When it comes to data security, we hear a lot about how cyber attackers are becoming more sophisticated or that cloud technology is full of risks. While these statements are true to some extent, both can be convenient excuses hiding a harsher truth. Today, neglect is actually one of the biggest threats to corporate data.
According to the 2015 Cyber Risk Report from HP Security Research, all nine of the most dangerous enterprise vulnerabilities detected in the wild were more than three years old. US-CERT found similar aging in its study of the 30 most-targeted network exploits. All told, US-CERT estimates that 85 percent of network attacks are preventable.
A simple security patch would have sufficed in most cases — and for these bugs in particular, patches have been available for years. Were security professionals so negligent in applying updates because of apathy, or worse? Maybe not. Maybe there’s a deeper problem throughout the industry that needs to be addressed.
Why is this happening? Lazy security professionals would be the convenient answer, but it’s also inaccurate. Vendors often fail to communicate when patches are available, and what their expected impact will be. Worse, too many patches arrive with unwanted bloatware that does more harm than good.
When Patching Becomes A Risk
Consider Microsoft, which last year released six patches that immediately caused problems for users. Apple and Oracle had similar issues over the same period. In Oracle’s case, an August 2014 update to Java broke third-party applications, forcing the company to reissue the patch. For Apple, an iOS update released in September crippled several iPhone functions, including the ability for some users to make calls.
It’s tough to blame CIOs and security leaders for remaining cautious when well-intentioned patches unleash unintended — and nasty — consequences.
Yet manual patching isn’t the answer. Multiply the hours it takes to patch a system by the number of systems affected by the rate of the consultants you’ve hired to do the job, and even mid-size enterprises will find themselves spending hundreds of thousands of dollars for just one patch. IT neglect seems like the better choice when the alternative is shuttering operations.
Automation has to be part of the answer when it comes to patching fast-growing IT infrastructures. Regular auditing is also needed to find and fix break points introduced with systemized updates. Anything less is unacceptable when you consider how damaging breaches have become.
Risk Versus Reward
Just recently, Polish airline LOT suffered an attack that literally grounded 1,400 passengers. Furthermore, the recent hack of the Office of Personnel Management exposed highly personal background information of millions of current and past federal employees — including mine. The Sony document leak — while reputationally damaging — looks tame by comparison.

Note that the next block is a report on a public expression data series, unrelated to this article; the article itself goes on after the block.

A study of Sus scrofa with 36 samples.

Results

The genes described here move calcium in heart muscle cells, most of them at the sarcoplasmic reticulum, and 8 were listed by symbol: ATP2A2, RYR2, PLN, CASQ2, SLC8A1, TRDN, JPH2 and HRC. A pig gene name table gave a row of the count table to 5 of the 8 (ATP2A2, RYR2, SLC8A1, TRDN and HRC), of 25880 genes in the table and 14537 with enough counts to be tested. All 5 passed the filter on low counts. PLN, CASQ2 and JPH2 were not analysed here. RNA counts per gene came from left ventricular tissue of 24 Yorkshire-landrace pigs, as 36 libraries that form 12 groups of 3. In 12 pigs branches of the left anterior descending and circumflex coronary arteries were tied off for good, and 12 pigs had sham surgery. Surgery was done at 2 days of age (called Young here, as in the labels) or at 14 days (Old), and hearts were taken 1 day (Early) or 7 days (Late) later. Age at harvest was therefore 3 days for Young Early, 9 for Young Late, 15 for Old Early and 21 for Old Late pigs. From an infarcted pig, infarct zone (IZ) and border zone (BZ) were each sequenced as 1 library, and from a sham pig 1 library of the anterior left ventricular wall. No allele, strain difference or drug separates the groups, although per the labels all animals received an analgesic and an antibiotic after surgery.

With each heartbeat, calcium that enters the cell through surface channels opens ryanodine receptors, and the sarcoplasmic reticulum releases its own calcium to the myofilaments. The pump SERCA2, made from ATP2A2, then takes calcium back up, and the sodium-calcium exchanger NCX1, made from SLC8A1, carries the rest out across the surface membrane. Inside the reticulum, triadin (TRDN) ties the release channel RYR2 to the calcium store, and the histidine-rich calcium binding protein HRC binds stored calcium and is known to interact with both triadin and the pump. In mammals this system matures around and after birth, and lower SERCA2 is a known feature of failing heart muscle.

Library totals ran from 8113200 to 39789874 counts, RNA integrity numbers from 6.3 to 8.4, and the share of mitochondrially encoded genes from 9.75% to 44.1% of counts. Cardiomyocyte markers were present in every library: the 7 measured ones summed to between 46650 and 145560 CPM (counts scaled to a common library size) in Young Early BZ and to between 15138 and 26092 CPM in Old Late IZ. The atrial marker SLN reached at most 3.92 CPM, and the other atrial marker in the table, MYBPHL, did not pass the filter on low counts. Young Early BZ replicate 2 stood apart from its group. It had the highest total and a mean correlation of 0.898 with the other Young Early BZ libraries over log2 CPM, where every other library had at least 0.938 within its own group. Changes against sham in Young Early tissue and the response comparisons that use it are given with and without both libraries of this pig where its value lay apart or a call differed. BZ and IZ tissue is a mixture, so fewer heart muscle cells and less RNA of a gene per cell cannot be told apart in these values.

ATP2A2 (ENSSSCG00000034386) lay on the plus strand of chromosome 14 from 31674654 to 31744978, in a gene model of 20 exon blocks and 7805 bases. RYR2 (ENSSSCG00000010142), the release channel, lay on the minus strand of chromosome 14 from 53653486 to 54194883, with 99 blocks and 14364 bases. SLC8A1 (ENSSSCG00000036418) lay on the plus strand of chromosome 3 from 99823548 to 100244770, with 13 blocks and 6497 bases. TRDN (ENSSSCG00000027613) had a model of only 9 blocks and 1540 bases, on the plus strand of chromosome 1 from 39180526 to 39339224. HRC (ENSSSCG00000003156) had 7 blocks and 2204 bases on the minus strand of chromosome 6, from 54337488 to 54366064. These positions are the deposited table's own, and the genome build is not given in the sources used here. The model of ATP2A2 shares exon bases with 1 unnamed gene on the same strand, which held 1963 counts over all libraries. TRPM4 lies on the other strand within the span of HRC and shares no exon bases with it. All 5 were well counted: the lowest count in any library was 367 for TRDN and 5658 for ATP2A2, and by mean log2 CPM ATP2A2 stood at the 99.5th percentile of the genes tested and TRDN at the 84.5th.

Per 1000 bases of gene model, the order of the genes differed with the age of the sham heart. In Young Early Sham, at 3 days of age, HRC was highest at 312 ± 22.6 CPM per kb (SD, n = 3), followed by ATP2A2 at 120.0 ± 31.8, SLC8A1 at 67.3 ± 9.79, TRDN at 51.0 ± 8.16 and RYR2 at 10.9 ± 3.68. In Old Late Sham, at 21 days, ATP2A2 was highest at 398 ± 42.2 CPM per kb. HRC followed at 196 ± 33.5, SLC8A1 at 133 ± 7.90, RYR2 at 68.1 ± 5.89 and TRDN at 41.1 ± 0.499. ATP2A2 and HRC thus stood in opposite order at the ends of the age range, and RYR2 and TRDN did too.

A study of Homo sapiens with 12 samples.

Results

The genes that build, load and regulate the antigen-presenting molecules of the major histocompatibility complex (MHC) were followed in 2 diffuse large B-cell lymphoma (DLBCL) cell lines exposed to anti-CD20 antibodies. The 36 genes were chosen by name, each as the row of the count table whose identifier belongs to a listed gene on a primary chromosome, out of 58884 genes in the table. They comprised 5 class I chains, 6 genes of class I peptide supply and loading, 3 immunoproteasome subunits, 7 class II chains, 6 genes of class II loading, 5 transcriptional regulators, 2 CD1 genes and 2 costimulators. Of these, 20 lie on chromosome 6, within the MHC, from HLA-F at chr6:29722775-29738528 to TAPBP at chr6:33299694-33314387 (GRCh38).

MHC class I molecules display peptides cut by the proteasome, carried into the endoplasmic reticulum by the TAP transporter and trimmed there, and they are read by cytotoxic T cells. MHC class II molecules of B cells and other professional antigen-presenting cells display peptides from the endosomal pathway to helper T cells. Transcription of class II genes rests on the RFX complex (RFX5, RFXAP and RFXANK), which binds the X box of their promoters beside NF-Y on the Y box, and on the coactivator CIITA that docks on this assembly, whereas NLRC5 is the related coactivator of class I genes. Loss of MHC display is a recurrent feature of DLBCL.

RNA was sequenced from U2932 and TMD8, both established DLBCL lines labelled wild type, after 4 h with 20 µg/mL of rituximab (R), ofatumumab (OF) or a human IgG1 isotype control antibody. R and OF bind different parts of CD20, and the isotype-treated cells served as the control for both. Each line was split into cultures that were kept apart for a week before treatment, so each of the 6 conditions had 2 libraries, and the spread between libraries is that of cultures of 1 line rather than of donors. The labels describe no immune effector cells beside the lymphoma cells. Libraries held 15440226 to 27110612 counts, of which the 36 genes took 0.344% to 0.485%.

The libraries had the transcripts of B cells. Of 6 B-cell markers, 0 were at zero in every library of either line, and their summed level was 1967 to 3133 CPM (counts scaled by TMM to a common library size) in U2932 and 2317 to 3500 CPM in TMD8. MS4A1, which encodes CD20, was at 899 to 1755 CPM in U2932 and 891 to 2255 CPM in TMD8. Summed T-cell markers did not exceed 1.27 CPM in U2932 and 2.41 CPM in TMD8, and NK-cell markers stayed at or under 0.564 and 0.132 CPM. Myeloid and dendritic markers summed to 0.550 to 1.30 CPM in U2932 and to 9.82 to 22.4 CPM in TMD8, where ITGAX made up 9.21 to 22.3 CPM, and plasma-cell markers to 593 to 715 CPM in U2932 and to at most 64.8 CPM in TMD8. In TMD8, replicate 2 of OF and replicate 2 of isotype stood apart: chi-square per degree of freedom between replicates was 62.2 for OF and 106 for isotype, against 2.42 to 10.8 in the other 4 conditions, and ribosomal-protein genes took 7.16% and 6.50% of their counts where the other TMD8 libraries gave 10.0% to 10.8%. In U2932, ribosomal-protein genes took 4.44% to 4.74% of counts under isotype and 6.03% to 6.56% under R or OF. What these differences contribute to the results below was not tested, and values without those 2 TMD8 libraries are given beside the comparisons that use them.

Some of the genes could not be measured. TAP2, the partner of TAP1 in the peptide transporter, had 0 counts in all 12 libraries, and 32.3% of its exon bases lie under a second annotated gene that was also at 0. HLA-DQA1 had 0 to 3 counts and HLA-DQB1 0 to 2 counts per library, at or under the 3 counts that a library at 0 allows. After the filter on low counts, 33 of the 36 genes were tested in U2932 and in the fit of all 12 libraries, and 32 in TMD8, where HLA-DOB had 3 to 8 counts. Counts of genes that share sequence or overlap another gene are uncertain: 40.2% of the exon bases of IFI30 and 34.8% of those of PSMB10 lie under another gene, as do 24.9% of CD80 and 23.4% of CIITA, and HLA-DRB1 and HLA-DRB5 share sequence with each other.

To be fair, we don’t yet know which network holes these organizations left unplugged, but old exploits should have no chance against a self-healing IT platform that’s constantly applying the latest patches. That most security isn’t being implemented and managed this way is a serious problem with geometric consequences.
Think about the size of your business. Now consider how many devices each employee plugs in to your network. For any given individual in your organization, it’s going to be at least two (i.e., a computer and a smartphone) and will often be three (i.e., a computer, a smartphone and a tablet). Every one of those devices is a node, and every node is a potential entry point for an attacker. Broad scale and timely action in cybersecurity is crucial for providing real protection to the underlying network.
Yet our actions run to the contrary: Many CIOs and security leaders appear to have made the deliberate decision to avoid automatic patching updates for fear of the consequences of not having direct control over how new software makes its way into infrastructures. For vendors, it should be a reflection of how badly they’ve breached trust in the patching process.
Earning back the trust of users — their direct customers — won’t be easy, but it’s essential if software vendors are to restore faith in automatic updates.
Key to this is the open and transparent communication of patches and their impact. Customers must be told when patches are available, what the patches do and what implications they may have. When problems arise, vendors should be equally clear about what is happening and offer workarounds to those affected.
In short, vendors need to approach the communications surrounding security patches as a matter of customer protections rather than public relations.